HBO’s new mini-series, The Weight of the Nation, is tough to watch in the beginning. The health consequences of obesity are dire and so are the numbers: 68% of US adults and 18% of children are overweight or obese. But there’s hope as well: people are able to change their habits and environments, if they commit to it, have realistic goals and social support, and figure out which changes they can do in their lives.
Incidentally, the CEO of Weight Watchers, David Kirchhoff, just published a book called Weight Loss Boss about his own personal journey in weight loss and, even more importantly, weight maintenance. I got a free copy at Mobile Health conference and I have to say, it’s actually a very good book (despite the obvious promotion of Weight Watchers). He is totally honest about his own failures and bad habits, and there are no magic tricks: it’s just portion control, physical activity, staying away from unhealthy food, and arranging your environment to support healthy eating. Basically:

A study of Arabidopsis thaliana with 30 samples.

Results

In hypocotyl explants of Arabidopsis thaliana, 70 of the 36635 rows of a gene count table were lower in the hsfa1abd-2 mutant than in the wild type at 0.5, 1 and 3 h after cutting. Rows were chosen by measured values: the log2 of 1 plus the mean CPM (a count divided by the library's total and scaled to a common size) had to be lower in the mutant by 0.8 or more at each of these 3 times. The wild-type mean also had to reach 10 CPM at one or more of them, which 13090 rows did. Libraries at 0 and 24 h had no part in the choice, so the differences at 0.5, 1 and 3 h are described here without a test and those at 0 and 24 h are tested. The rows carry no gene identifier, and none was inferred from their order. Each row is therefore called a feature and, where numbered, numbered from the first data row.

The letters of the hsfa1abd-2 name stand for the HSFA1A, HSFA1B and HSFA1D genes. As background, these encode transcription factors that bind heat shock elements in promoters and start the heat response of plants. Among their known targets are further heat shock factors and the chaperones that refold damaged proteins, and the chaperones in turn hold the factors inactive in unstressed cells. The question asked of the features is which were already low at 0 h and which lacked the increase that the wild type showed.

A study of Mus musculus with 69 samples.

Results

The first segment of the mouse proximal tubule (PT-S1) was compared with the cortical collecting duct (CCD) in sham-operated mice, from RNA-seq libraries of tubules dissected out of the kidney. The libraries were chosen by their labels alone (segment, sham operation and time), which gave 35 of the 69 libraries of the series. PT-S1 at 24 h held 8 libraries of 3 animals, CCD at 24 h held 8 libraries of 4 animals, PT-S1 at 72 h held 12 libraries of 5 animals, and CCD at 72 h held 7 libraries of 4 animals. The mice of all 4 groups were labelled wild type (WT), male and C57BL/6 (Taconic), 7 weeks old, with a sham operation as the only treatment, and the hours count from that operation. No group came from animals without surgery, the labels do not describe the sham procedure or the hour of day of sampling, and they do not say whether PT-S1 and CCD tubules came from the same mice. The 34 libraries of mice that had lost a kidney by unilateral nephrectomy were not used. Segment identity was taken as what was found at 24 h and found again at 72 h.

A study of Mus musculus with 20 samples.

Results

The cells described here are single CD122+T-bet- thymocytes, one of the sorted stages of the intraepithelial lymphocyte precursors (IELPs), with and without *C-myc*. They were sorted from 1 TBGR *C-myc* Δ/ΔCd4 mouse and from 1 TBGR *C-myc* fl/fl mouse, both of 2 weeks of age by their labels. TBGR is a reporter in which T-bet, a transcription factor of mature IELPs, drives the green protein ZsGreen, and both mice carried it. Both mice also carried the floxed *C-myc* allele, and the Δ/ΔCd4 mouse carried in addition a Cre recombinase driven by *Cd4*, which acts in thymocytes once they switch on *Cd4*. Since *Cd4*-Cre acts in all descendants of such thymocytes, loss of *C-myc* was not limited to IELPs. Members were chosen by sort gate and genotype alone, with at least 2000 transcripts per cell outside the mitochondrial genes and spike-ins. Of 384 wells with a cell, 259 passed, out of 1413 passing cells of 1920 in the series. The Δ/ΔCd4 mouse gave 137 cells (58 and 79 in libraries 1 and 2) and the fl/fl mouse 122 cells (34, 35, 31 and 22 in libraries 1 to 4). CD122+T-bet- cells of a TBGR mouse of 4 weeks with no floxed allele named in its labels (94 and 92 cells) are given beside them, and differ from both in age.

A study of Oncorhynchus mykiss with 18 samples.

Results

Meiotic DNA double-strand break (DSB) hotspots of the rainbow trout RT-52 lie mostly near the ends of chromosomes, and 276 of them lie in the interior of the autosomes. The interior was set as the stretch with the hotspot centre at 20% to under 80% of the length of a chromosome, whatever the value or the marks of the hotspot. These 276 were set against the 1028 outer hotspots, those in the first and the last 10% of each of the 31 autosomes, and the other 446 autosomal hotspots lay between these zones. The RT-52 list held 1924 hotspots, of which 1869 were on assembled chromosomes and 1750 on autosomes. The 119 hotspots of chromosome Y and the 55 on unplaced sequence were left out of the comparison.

- Eat vegetables, fruits, lean proteins, whole grains, and low-fat dairy
- Avoid junk food
- Watch portion size
- Exercise daily
Kirchhoff talks a lot about environmental influences and he’s been heavily inspired by the research results of Food & Brand Lab. In his book and in his presentation at Mobile Health, he praised a certain Dr. Brian Wansink and his lab of their clever research several times! It’s great that Weight Watchers have incorporated this into their program.
It’s habit and lifestyle change, not willpower or temporary dieting. Small habit changes was really what Mobile Health was also all about – I’ll soon write more about key insights from the conference.